The “realists” and the Israelis were pushing the administration to hold back the forces of change in Egypt.

Beneath the main story -- Egyptian people defeat Mubarak -- there were plenty of subplots that got lost in the shuffle, like the reported split inside the Obama administration, with the president for once resisting the old-school “realists.” Another closely related, but largely unreported story was the rebuff Obama gave to the leaders of Israel.

The “realists” and the Israelis were pushing him to hold back the forces of change in Egypt -- the realists for fear that Egypt would descend into “instability,” the Israelis for fear that whatever replaces the Mubarak regime would be less friendly to Israeli interests. The president seems to have softly yet clearly rejected both.

The New York Times’ top foreign policy correspondents have traced the outlines of the internal administration battle. When Frank Wisner, Obama’s envoy to Cairo, told a Munich conference that Mubarak was indispensable, the president was reportedly furious. Hillary Clinton and her State Department promoted a go-slow approach that subtly supported Wisner’s view, “Seething about coverage that made it look as if the administration were protecting a dictator and ignoring the pleas of the youths of Cairo, the president ‘made it clear that this was not the message we should be delivering,’ said one official who was present.”

Often, though, throughout the Egyptian drama the administration did seem to be backing State’s “order and stability” line, giving the impression of a confused, because internally split administration. Why? Beyond the foreign policy establishment’s reflexive instinct for so-called “stability,” one big reason was pressure from the Israeli government of Prime Minister Benjamin Netanyahu.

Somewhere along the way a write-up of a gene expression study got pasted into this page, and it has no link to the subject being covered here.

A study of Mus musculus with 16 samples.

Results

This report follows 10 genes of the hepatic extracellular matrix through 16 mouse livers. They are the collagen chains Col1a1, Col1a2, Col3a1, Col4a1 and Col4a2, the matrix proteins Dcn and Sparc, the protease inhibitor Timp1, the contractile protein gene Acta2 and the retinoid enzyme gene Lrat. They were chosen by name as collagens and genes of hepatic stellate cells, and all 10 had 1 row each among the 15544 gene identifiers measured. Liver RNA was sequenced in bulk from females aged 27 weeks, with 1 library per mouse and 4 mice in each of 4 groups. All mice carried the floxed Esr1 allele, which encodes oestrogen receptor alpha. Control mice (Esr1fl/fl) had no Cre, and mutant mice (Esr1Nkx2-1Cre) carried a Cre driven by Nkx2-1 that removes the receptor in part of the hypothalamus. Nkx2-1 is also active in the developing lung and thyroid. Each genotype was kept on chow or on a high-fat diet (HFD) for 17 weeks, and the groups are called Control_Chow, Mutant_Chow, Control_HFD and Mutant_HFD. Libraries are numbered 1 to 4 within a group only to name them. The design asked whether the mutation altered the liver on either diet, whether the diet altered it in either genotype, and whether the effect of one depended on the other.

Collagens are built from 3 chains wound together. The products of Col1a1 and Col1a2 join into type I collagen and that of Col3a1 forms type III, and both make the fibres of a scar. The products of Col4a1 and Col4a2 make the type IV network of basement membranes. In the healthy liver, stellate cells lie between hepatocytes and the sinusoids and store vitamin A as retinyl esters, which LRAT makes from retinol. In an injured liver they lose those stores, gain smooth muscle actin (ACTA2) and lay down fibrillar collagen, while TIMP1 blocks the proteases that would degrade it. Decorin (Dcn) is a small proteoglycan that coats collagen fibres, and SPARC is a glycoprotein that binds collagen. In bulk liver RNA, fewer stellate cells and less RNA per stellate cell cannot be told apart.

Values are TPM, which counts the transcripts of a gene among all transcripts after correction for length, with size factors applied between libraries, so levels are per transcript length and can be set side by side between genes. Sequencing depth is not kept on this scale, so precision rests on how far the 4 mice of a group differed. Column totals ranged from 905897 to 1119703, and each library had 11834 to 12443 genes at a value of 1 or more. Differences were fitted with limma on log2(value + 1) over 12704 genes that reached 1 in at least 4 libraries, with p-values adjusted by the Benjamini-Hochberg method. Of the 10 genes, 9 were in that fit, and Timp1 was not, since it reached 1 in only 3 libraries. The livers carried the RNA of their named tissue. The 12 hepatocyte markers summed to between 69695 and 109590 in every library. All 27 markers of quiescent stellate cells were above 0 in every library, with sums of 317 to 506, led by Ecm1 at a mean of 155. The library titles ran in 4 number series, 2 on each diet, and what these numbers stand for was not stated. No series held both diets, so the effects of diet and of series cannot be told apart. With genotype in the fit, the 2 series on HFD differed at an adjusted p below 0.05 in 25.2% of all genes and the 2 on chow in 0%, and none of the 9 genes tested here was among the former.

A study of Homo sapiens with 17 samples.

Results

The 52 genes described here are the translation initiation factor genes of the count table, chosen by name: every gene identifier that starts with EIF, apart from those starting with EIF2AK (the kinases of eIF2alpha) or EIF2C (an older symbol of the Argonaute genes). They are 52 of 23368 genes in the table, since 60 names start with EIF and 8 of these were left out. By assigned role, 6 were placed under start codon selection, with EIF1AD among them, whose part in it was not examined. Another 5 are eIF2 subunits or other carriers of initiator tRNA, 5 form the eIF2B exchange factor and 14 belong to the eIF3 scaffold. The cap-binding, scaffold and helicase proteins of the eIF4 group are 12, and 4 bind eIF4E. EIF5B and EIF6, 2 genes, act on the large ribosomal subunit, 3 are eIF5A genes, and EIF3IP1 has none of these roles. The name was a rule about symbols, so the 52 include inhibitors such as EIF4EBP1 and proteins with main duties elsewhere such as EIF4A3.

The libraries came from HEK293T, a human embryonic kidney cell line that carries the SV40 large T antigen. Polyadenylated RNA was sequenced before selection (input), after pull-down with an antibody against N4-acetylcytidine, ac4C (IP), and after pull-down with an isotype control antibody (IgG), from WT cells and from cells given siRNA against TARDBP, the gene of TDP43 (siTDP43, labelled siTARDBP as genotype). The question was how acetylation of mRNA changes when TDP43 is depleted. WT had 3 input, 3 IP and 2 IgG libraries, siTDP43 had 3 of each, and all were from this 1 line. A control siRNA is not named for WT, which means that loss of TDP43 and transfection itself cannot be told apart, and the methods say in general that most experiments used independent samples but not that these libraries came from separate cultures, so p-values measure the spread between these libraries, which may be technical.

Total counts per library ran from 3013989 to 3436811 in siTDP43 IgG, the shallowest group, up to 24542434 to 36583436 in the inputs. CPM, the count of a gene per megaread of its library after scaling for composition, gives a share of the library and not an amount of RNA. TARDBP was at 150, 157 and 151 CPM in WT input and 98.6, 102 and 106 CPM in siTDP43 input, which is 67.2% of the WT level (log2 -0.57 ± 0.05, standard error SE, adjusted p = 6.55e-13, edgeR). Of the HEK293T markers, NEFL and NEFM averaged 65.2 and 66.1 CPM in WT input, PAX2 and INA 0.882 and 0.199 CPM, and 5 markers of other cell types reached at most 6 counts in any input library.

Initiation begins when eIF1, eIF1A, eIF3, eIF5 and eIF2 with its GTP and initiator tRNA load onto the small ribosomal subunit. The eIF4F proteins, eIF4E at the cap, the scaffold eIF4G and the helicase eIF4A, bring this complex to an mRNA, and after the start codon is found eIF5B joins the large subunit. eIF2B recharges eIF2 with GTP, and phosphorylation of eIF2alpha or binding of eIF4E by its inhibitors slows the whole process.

Once the magnitude of the Egyptian uprising became apparent, U.S. officials were “on the telephone almost daily with their Israeli counterparts,” the Times reported, “urging them to ‘please chill out,’ in the words of one senior administration official.” The insightful Israeli-American commentator Daniel Levy told the Times that “the Israelis are saying, après Mubarak, le deluge. That gets to the core of what is the American interest in this. It’s Israel. … The problem for America is, you can balance being the carrier for the Israeli agenda with Arab autocrats, but with Arab democracies, you can’t do that.”

Levy may have overstated the importance Israel carries in the Oval Office. But his analysis fits well with a common view among progressives that Israel pretty much dictates White House policy on the Middle East.

There is no doubt that Israel’s right-wing supporters in the U.S. were trying their best to do just that. From the outset of the Egyptian uprising, prominent American-Jewish leaders urged the administration to do whatever it could to keep Mubarak in power. Ehud Barak spent the better part of a week in Washington lobbying for the same approach.

“It is impossible to overstate the angst, even hysteria, that Israelis are feeling about their neighborhood as they watch what is unfolding in the streets of Cairo,” wrote Aaron David Miller, a long-time adviser to the U.S. government on Mideast affairs. “The old adage that Israelis fight the Arabs during the day and win but fight the Nazis at night and lose may be dated, but it still reflects fundamental and enduring security concerns as well as the dark side of Jewish history -- both of which make Israelis worry for a living.”

Watching the crowds grow in Egypt, many Israelis worried that a new Egyptian government would no longer honor the 1979 peace treaty with Israel, forcing the Israelis to militarize their long southwestern border with Egypt. Even more, many Israelis worried that free elections would bring the Muslim Brotherhood to power, turning Egypt into a rabidly anti-Israel power.